Why is timber preservation important?
Timber has been used as a structural material for millennia and is in many ways ideal for the job. It can be described as strong, beautiful and sustainable – basically, wood is good! However, wood-rotting fungi and the wood-boring larvae of certain insects (also known as woodworm) feed by breaking down wood cells and, if left unchecked, ultimately destroy the timber in your home. Fungi and woodworm consequently threaten the structural integrity of your home, leading to substantial financial costs and potential danger for inhabitants.
Common timber problems
A new-build house should be constructed with timber preservation in mind. However, most of us live in houses that we haven't built and inherit timber problems along with the property. The three most common problems likely to affect timber are woodworm, dry rot and wet rot.
Click here for advice on Control
. This guide will focus on:
, which refers to a particular species of fungi - Serpula lacrymans
– and Wet rot
, which is a more general term, encompassing a range of fungi.
How can I identify wood-rotting fungi?
breaks down wood cellulose and causes timber to become dry and powdery. Serpula lacrymans
grows in strands, digesting adjacent timber until it “fruits” and discharges fungal spores. Fugenex
produce a sensor which detects the presence of incipient dry rot, and costs about £7.50 . It's a useful DIY test and only involves drilling a small hole in the timber - if the sensor changes colour you know there is a dry rot problem and you can call in the experts!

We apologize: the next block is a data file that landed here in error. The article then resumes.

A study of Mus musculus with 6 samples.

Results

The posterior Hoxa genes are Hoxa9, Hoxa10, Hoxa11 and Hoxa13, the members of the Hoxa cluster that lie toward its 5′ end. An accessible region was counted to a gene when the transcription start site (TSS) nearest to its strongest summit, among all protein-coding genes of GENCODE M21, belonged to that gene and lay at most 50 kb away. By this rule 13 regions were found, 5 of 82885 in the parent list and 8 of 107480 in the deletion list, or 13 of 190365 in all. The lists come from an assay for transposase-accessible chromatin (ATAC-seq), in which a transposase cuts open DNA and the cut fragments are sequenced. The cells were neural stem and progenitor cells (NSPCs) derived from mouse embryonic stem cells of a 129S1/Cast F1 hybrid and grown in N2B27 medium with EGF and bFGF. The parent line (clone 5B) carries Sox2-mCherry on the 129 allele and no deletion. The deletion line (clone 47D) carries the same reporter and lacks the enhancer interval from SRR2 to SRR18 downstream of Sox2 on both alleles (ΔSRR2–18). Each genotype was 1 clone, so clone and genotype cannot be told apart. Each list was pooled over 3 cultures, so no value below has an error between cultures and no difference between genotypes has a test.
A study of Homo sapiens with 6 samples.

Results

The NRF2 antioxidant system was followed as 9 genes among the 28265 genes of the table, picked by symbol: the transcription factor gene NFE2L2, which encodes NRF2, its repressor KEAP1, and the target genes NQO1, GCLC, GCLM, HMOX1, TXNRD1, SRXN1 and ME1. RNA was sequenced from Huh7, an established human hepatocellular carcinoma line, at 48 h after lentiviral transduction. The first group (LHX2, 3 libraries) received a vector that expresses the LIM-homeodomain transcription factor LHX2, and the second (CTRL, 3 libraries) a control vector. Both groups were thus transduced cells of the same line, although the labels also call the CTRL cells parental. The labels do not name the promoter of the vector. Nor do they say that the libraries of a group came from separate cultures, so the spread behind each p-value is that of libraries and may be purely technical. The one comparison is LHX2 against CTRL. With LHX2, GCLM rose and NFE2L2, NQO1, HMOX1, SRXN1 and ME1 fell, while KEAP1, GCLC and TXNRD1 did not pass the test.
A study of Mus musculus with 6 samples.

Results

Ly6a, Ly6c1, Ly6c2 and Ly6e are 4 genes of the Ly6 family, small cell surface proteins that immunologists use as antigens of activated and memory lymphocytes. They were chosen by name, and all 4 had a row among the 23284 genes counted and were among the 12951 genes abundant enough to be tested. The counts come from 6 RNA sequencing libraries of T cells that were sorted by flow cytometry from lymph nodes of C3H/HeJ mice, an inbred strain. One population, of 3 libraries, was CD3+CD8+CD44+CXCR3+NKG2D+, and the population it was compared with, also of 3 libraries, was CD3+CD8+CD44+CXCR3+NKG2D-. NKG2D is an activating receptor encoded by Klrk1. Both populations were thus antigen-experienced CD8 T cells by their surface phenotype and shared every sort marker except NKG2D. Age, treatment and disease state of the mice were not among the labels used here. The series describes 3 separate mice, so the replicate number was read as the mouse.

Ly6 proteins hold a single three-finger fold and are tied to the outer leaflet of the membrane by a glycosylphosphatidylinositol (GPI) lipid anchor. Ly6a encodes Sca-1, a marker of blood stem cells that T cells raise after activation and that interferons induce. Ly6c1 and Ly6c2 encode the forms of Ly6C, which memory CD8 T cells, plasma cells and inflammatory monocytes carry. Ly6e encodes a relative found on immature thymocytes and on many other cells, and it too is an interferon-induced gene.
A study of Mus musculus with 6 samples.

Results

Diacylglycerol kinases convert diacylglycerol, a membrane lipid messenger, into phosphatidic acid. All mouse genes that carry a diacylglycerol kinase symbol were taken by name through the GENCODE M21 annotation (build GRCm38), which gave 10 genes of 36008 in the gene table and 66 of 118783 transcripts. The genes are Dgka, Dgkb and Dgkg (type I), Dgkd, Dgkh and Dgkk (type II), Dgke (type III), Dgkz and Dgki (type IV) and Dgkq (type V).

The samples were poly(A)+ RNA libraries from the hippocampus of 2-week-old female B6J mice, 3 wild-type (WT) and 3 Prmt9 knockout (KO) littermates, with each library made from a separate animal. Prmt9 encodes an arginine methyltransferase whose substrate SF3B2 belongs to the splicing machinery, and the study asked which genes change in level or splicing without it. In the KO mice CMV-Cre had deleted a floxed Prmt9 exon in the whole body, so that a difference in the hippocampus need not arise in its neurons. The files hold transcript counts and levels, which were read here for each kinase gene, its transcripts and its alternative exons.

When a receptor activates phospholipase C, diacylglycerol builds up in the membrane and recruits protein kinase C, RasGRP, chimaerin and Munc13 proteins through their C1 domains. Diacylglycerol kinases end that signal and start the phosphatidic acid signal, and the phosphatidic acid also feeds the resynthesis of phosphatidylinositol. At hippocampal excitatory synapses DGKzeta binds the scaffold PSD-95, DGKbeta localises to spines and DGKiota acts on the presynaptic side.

is more easily identified than dry rot, quite simply because affected timber will feel damp to the touch. With painted timber, the area may look and feel sound superficially, but the underlying timber may be rotten – try pushing a knife into the timber, you should feel resistance after a few millimetres. Timber affected by wet rot feels spongy and looks darker than surrounding wood. When dried, timber affected by wet rot cracks and crumbles into fine particles.
Rot will only affect timber that is physically damp. Dry rot requires a modest moisture content of 20%, while wet rot needs an elevated level of moisture (28-30%) to become established. Thereafter it can persist in timber which has a minimum moisture content of 20%. You may wish to employ a specialist, but here are three DIY steps it's worth trying first:
STEP 1 - remove the source of moisture
The most common reasons for damp timber are leaking appliances, poorly sealed sinks/baths, leaking roofs and overflowing drainpipes and rising damp.
STEP 2 – promote rapid drying conditions
If you can find and fix the source of the water and allow timber to dry out properly, you can control and ultimately eradicate the rot. To speed up drying, ensure good ventilation and increase the ambient temperature.
STEP 3 – remove and replace affected timber
Badly affected timber should be removed and replaced. Sections of rotten timber can be replaced with epoxy resin. This is especially appropriate for repairs to valuable/historical beams, as work can be done in-situ - see below for further sources of advice.